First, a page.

When it comes to cavities, erosion and other commonplace dental problems, we all know the common culprits; bad brushing, soda, sweets, and so on. While these are all important to watch out for, there are many other things which could be wrecking your smile, which a lot of people are totally oblivious to. Here are some of these hidden dental hazards, and the best way you can keep them at bay.
The chest pains you get from heartburn suck, but they’re certainly not the only thing you should be worried about when it comes to this condition. Acid reflux can do permanent damage to your teeth as well. The acid which comes up from your digestive system can cling to your mouth, dissolving the enamel just like the acid from soda and energy drinks does. The difference is that the acid from your stomach is even more potent! If you’ve been having a lot of heartburn, it’s important to keep tabs on what it’s doing to your teeth. Any established dental clinic like Platinum Smile Dental will be able to check for signs of erosion located at the back of your mouth, which is the most common sign of acid reflux damage. After that, if necessary, you can talk to your general physician, and ask them for the best solution for tackling your heartburn. Prescription medication can often be the best solution. This brings me onto my next point…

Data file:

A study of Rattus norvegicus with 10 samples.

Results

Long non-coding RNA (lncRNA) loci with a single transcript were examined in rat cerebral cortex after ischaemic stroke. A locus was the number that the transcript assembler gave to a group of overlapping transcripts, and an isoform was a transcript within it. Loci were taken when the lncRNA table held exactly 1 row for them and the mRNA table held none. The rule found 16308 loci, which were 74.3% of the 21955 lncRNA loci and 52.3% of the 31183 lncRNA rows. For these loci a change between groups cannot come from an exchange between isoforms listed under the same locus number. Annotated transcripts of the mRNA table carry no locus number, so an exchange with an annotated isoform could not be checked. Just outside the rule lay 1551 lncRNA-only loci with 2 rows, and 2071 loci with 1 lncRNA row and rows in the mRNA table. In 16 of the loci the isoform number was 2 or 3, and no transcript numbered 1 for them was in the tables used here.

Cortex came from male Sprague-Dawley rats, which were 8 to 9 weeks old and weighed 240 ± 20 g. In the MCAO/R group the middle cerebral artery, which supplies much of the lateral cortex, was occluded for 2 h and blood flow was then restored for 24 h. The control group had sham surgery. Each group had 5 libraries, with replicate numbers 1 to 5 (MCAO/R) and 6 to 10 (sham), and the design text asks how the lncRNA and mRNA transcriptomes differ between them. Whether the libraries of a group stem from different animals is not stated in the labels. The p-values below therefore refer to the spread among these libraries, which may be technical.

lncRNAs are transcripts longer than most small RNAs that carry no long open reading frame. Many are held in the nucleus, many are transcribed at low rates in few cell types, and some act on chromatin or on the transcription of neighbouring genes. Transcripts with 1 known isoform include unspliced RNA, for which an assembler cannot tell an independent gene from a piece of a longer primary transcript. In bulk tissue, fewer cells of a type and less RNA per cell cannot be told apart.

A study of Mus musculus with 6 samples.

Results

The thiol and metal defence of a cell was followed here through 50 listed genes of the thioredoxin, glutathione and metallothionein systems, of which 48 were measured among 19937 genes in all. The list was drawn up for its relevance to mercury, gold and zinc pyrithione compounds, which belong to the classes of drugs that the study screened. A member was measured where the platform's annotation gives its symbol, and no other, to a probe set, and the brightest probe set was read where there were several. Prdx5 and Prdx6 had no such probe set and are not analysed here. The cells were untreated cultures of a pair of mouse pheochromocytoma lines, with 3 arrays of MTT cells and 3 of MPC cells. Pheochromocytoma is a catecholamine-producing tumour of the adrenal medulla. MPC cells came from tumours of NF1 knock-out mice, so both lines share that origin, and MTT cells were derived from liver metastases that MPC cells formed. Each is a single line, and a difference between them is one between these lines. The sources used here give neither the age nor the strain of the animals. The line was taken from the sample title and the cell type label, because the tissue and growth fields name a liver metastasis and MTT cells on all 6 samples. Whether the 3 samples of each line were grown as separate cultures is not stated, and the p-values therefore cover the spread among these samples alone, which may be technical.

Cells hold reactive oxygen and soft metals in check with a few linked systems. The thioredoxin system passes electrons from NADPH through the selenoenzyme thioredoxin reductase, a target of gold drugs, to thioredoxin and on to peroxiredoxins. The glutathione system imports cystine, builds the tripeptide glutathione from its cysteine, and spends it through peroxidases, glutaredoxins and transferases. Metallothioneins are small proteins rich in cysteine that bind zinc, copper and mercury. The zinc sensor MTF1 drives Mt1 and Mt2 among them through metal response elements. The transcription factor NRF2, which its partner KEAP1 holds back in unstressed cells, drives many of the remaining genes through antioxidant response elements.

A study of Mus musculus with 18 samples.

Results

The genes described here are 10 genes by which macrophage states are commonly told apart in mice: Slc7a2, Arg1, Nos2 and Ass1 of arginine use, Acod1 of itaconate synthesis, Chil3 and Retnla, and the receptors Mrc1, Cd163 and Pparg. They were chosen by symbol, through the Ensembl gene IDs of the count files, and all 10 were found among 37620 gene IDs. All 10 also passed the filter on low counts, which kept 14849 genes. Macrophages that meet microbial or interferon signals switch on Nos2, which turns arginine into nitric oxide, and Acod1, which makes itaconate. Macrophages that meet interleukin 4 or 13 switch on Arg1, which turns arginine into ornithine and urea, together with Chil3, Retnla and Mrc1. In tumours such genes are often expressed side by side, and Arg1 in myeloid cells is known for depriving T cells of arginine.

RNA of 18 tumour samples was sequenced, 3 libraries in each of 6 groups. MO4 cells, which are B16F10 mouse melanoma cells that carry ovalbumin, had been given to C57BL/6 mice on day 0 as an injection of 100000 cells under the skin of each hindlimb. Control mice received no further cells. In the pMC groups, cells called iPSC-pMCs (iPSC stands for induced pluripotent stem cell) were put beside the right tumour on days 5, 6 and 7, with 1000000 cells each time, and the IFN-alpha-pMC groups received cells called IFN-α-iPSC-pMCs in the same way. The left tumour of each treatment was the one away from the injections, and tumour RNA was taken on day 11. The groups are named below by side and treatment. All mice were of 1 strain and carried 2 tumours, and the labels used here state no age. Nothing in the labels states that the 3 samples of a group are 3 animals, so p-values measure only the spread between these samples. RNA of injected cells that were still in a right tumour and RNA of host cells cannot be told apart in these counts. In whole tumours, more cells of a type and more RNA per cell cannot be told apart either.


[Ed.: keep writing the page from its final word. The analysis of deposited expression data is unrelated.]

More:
While medication is essential to maintaining and protecting our health, too much of it can have some serious drawbacks. If you’re taking dozens of different meds for allergies, blood pressure, cardiovascular health and various other things, it can lead to a dry mouth. This may not sound like much of a side effect in itself, but it can totally wreak havoc on your teeth. This is due to saliva protecting against the acids that are behind erosion and decay. A simple way around this is chewing sugar-free gum or sucking on sugar-free hard sweets through the day, which will help to stimulate your saliva glands. You should also try to stay away from sugary and acidic foods in general. It may be worth bringing up your dry mouth to your physician, and seeing if there’s any alternatives you could use.
Interesting tidbits. Do you have any to share?